Wednesday, 18 December 2013

Polysaccharides

Polysaccharides are polymeric carbohydrate molecules composed of long chains of monosaccharide units bound together byglycosidic bonds. They range in structure from linear to highly branched. Examples include storage polysaccharides such asstarch and glycogen, and structural polysaccharides such as cellulose and chitin.
Polysaccharides are often quite heterogeneous, containing slight modifications of the repeating unit. Depending on the structure, these macromolecules can have distinct properties from their monosaccharide building blocks. They may be amorphous or eveninsoluble in water.[1][2] When all the monosaccharides in a polysaccharide are the same type, the polysaccharide is called ahomopolysaccharide or homoglycan, but when more than one type of monosaccharide is present they are calledheteropolysaccharides or heteroglycans.[3][4]
Natural saccharides are generally of simple carbohydrates called monosaccharides with general formula (CH2O)n where n is three or more. Examples of monosaccharides are glucosefructose, and glyceraldehyde[5] Polysaccharides, meanwhile, have a general formula of Cx(H2O)y where x is usually a large number between 200 and 2500. Considering that the repeating units in the polymer backbone are often six-carbon monosaccharides, the general formula can also be represented as (C6H10O5)n where 40≤n≤3000.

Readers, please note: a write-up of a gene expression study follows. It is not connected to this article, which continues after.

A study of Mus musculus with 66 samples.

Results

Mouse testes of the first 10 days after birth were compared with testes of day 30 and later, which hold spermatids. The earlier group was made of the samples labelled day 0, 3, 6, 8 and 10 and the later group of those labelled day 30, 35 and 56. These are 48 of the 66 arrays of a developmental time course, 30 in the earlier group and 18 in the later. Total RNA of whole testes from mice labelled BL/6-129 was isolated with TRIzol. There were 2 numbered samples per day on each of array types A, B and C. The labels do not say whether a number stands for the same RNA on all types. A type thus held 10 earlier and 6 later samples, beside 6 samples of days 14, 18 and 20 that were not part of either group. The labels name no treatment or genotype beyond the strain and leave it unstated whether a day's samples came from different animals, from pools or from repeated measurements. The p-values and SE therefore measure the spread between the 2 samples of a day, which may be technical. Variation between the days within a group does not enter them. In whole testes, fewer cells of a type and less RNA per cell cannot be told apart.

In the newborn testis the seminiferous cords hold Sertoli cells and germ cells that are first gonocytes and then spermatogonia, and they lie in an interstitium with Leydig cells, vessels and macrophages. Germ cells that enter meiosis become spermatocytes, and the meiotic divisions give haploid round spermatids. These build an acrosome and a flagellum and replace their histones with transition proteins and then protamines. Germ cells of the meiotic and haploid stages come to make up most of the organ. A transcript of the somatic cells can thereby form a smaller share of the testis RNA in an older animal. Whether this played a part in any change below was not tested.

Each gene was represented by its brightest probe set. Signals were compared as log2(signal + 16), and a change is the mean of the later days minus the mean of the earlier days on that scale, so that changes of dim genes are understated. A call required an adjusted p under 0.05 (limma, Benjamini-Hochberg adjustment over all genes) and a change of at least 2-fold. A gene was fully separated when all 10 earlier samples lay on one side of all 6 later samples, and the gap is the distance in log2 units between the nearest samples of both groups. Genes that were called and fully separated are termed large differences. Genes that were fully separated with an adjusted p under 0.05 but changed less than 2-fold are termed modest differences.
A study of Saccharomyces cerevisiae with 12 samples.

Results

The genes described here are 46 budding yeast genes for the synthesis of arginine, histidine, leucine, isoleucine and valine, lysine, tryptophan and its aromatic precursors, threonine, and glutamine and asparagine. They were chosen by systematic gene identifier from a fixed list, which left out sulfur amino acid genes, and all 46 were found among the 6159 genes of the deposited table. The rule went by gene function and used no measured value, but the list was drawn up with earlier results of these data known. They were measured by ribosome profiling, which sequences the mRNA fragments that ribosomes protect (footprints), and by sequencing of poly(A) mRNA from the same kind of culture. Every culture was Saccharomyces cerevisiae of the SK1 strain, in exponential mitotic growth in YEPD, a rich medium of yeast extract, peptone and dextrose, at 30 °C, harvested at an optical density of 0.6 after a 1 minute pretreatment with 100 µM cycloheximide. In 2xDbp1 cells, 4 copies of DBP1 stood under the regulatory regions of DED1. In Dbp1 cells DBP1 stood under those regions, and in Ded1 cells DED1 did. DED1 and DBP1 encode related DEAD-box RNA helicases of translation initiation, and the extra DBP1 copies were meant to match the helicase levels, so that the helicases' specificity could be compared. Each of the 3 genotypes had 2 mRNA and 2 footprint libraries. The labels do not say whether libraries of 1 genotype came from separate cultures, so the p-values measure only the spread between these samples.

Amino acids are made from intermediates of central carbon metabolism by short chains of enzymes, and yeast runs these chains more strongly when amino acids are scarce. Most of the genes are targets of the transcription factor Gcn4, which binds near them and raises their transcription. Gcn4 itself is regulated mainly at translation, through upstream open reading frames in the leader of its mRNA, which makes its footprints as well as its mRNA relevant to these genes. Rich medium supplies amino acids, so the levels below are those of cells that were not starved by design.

Polysaccharides contain more than ten monosaccharide units. Definitions of how large a carbohydrate must be to fall into the categories polysaccharides or oligosaccharides vary according to personal opinion. Polysaccharides are an important class ofbiological polymers. Their function in living organisms is usually either structure- or storage-related. Starch (a polymer of glucose) is used as a storage polysaccharide in plants, being found in the form of both amylose and the branched amylopectin. In animals, the structurally similar glucose polymer is the more densely branched glycogen, sometimes called 'animal starch'. Glycogen's properties allow it to be metabolized more quickly, which suits the active lives of moving animals.
Cellulose and chitin are examples of structural polysaccharides. Cellulose is used in the cell walls of plants and other organisms, and is said to be the most abundant organic molecule on earth.[6] It has many uses such as a significant role in the paper and textile industries, and is used as a feedstock for the production of rayon (via the viscose process), cellulose acetate, celluloid, and nitrocellulose. Chitin has a similar structure, but has nitrogen-containing side branches, increasing its strength. It is found in arthropod exoskeletons and in the cell walls of some fungi. It also has multiple uses, including surgical threads. Polysaccharides also include callose or laminarinchrysolaminarinxylanarabinoxylanmannanfucoidan and galactomannan.